THE QUALITY SCHOOL: The Head teacher (Sharing no.3)


Over all the qualities described in my section, B - The Staff, was the ever-present shadow of the headteacher ! Without this shadow of support and encouragement, the staff  have a tough task indeed.

Management within a school carries an immense responsibility. Whether one considers the position from the view-point of a specific village development or the wider embrace of national progress, it is a task which cannot be accepted lightly.  It will be the headteacher who will put the stamp of congenial professionalism on his school.  It was stated in Shresta’s report following the implementation of The National Education systems Plan in 1972 that teachers perform very satisfactorily where the atmosphere is congenial : and this over-riding quality is the responsibility of the head teacher to foster. After interviews with head teachers while researching for my dissertation, it was evident that this congeniality comes with a degree of paternal ism – which is a cultural asset to be recognized.

There are two quotes within this report (1982) which highlight the width of the headteacher’s role :

‘The dedication, commitment, efficiency and leadership of the headmaster have been more important factors that led to the successful development of the case schools’                                                                                                                                                    Of course the question is – ‘more important than what? I would say more important than the material needs we often assume are essential for a ‘quality school’. I have heard so many teachers bemoaning the fact that they do not have the materials they learnt about in Teaching Training Courses. (This is often used as an excuse for absenteeism and low grades)  But the making of low-cost – no- cost materials is just another motivating task to be encouraged by an effective head teacher. Poor school building is another prompt for dissatisfaction amongst staff.  An enlightened headteacher will circumnavigate that inconvenience with imagination and enthusiasm for possible alternatives within the school.

These are just a few negative situations which can be met by the headteacher successfully. And of course there are many others.  After working under several headteachers, we all know that his/her personality will determine the ‘atmosphere’ within the school. Can a headteacher be ‘trained’ to develop these personality traits ?  One would think not, although in talking to many head teachers, I have been aware of their determination to by-pass practical problems and focus more on the support of their teachers and in-school training of their new staff particularly.  Good exam results are some indication of the quality of a school, so the pursuit of effective teaching will encourage a headteacher to supervise and support his staff. In turn this will reflect on his/her own effectiveness. But the good for the student must never be lost sight of.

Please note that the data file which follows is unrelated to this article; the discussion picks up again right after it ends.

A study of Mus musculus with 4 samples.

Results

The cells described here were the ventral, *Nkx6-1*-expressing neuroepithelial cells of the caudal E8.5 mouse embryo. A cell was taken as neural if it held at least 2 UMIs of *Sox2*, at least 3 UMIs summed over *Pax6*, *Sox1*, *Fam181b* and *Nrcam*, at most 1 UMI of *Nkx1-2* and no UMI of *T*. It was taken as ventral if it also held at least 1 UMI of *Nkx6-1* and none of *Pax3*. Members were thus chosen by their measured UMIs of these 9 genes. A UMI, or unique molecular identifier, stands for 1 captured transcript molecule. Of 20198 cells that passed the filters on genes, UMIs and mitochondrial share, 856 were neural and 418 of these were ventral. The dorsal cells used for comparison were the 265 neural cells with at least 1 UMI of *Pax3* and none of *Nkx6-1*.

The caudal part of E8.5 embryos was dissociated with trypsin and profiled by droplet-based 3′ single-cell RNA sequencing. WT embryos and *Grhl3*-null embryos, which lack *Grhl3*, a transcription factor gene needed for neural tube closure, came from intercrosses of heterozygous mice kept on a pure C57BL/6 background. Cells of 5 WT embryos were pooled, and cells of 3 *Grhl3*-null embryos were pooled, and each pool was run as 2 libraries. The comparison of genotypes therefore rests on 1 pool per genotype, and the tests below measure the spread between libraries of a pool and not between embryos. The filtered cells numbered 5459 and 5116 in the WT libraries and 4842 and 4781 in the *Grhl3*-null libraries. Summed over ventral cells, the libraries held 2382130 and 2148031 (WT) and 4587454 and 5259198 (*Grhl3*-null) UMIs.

Participatory decision-making is also important for promoting a feeling of self-esteem and team work. Regular staff meetings are essential.  Every teacher, however experienced, has a quality (or two!) that is waiting to be harnessed.  Hierarchy needs to be sensitively managed .  I talked to a Head Teacher who told me of his difficulty with cash flow, and after showing his staff the accounts and explaining his plan for recovery, everyone was prepared to wait for their delayed  salary. This demonstrated an enormous trust and sympathy with their headteacher. In this circumstance the school’s integrity and future was assured.

I would like to conclude this series of short articles with the last page of my dissertation on the development of professional values and the support of young nepali teachers –

‘It will be some time before young teachers in Nepal reap the benefit of a full support network:

Parents who have a vision and pride in their child’s choice of career in teaching.

A training that gives time for reflection as well as content for instruction

Mentors with time to listen and suggestions to impart.

Pre-service training taking higher profile, possibly in tandem with modules from the in-service programme.

A salary which reflects the importance of the task and hours which the teachers are expected to work.

Libraries, radios, visitors with stories to tell, playing fields and footballs to fill them, paper and paints musical instruments and maps.

A telephone, first aid kit, a mum/secretary etc,

Meanwhile the headteacher carries the disproportionate weight of responsibility – to welcome, nurture, appreciate and support. S/he is the lone promoter of national plans, standing to compensate for the distance and scarcity of human and material resource. Without his or her commitment, the staff will have no use for their professional values.’